Bridges Weekly Trade News DigestVolume 16Number 44 • 19th December 2012

Resources



COORDINATING CLIMATE AND TRADE POLICIES: PARETO EFFICIENCY AND THE ROLE OF BORDER TAX ADJUSTMENTS. By Michael Keen and Christos Kotsogiannis for the International Monetary Fund. (December 2012). This working paper explores the role of trade instruments in globally efficient climate policies, focusing on the central issue of whether some form of border tax adjustment (BTA) is warranted when carbon prices differ internationally. The authors find that tariff policy has a role in easing cross-country distributional concerns that can make non-uniform carbon pricing efficient and, more particularly, that Pareto-efficiency requires a form of BTA when carbon taxes in some countries are constrained, a special case being identified in which this has the simple structure envisaged in practical policy discussions. It also argues that the efficiency case for BTA depends critically on whether climate policies are pursued by carbon taxation or by cap-and-trade. This paper can be accessed here.

THE RE-EMERGENCE OF EUROPE. By Klaus Schwab for the World Economic Forum (December 2012). This e-book examines the events that have led to Europe’s current challenging political and financial climate. By looking at potential solutions through social, political, and economic lenses, the book suggests likely outcomes to what Europe will look like in the future. The author also examines the possible long-term implications that global trends and challenges may have on the region. The author asks, for instance, how Europe might remain true to its social democratic traditions while also returning to the top of global competitiveness, and how the 27-member bloc might best make use of its human capital to become a leader again in innovation and sustainability. This e-book can be found here.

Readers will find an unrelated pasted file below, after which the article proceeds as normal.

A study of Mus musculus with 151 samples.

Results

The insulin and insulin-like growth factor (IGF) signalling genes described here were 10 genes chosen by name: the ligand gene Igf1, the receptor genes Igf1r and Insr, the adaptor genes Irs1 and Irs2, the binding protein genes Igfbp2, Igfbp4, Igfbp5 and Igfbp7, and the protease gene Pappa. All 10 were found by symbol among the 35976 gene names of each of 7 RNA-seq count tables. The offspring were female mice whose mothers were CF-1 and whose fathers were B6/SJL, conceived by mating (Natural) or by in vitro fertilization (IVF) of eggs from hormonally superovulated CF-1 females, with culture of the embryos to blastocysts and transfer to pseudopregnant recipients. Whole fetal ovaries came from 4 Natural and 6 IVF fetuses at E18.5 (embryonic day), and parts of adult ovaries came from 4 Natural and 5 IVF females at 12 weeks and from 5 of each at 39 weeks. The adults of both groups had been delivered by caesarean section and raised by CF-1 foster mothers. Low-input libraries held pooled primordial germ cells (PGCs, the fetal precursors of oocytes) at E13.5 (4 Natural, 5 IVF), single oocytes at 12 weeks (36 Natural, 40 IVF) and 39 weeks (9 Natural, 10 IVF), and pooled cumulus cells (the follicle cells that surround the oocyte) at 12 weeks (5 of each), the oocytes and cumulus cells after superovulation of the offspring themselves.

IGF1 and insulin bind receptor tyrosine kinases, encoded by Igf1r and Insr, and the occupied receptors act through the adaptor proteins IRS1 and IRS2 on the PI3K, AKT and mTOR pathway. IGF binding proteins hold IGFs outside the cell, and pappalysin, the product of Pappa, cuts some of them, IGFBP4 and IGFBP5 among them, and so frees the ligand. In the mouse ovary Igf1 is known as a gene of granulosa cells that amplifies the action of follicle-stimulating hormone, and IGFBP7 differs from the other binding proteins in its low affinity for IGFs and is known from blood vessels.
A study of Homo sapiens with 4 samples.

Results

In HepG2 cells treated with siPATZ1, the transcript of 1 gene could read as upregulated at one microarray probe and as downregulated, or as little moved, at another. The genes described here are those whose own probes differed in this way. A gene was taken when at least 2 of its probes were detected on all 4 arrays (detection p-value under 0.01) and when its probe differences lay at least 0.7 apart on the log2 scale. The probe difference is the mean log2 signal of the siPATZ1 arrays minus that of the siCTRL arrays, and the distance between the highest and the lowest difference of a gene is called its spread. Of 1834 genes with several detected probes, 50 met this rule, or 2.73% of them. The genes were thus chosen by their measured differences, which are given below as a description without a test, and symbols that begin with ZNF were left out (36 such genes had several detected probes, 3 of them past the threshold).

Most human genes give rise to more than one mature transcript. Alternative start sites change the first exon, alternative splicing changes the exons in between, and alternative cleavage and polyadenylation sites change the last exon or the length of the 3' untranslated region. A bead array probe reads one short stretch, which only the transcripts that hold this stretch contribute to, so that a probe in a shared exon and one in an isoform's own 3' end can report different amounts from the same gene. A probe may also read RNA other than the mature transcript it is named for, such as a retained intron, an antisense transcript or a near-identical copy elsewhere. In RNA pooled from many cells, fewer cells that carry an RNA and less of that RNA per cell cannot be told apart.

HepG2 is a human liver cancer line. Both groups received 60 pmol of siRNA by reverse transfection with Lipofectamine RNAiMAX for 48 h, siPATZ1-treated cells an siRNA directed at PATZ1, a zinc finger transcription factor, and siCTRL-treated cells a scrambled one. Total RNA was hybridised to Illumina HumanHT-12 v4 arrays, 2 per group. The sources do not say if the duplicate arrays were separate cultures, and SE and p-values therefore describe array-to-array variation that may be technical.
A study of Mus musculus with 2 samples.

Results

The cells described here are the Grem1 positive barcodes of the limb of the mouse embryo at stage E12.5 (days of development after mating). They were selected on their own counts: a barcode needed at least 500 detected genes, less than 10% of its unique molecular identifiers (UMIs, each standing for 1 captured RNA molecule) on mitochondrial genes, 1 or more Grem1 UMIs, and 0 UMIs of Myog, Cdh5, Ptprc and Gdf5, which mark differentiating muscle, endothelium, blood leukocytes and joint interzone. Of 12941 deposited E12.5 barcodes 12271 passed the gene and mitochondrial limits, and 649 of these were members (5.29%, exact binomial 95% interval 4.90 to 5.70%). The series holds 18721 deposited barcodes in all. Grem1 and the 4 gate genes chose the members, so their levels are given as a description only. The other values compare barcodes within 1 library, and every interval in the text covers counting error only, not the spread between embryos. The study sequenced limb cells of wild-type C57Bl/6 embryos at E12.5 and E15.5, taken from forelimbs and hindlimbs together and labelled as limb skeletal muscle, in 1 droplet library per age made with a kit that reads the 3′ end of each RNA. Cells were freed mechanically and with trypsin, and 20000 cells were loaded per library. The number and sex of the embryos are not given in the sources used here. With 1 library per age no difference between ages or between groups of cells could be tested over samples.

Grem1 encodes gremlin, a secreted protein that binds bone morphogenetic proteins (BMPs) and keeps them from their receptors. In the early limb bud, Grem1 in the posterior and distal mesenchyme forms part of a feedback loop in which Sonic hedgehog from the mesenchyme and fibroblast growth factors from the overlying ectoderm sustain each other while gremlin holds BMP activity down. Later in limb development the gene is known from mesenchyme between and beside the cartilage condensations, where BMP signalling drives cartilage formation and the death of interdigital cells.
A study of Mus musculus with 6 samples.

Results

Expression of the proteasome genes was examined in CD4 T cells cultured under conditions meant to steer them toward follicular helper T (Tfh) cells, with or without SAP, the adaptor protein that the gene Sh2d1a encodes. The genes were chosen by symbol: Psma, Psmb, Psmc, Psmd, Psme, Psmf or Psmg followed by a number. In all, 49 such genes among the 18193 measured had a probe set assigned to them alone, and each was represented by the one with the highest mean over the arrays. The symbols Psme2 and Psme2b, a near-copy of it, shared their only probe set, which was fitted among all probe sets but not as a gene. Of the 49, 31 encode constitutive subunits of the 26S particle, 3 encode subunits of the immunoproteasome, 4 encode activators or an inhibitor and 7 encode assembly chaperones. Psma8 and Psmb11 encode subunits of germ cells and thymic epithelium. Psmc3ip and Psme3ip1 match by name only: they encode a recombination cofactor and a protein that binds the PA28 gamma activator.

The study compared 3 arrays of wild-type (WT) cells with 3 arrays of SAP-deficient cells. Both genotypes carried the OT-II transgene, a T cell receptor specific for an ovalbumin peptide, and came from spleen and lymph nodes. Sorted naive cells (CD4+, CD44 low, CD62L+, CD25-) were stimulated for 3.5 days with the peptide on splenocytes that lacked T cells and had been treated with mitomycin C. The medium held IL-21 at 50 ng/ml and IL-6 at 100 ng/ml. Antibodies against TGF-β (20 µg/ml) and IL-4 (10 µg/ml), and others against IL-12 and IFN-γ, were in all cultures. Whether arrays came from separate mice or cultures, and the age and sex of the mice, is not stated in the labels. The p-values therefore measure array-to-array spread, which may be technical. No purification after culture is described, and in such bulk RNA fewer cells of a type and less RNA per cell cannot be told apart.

OECD STATISTICS ON INTERNATIONAL TRADE IN SERVICES, VOLUME 2012 ISSUE 1. Published by the Organisation for Economic Co-operation and Development (OECD) (2012). This publication includes statistics by category of service on international trade in services for the 34 OECD countries, the European Union, and the Euro Area as well as analysis, definitions, and country notes. The report is available here.

ISSUES IN BRIEF NO. 26 - THE IMF’S NEW VIEW ON FINANCIAL GLOBALIZATION: A CRITICAL ASSESSMENT. By Kevin P. Gallagher for Boston University’s Frederick S. Pardee Center for the Study of the Longer-Range Future (December 2012). In this brief, the author analyses the IMF’s new policy on managing capital flows and draws out his assessment of the move’s implications for future policy, particularly trade and investment treaties. The full brief can be found here.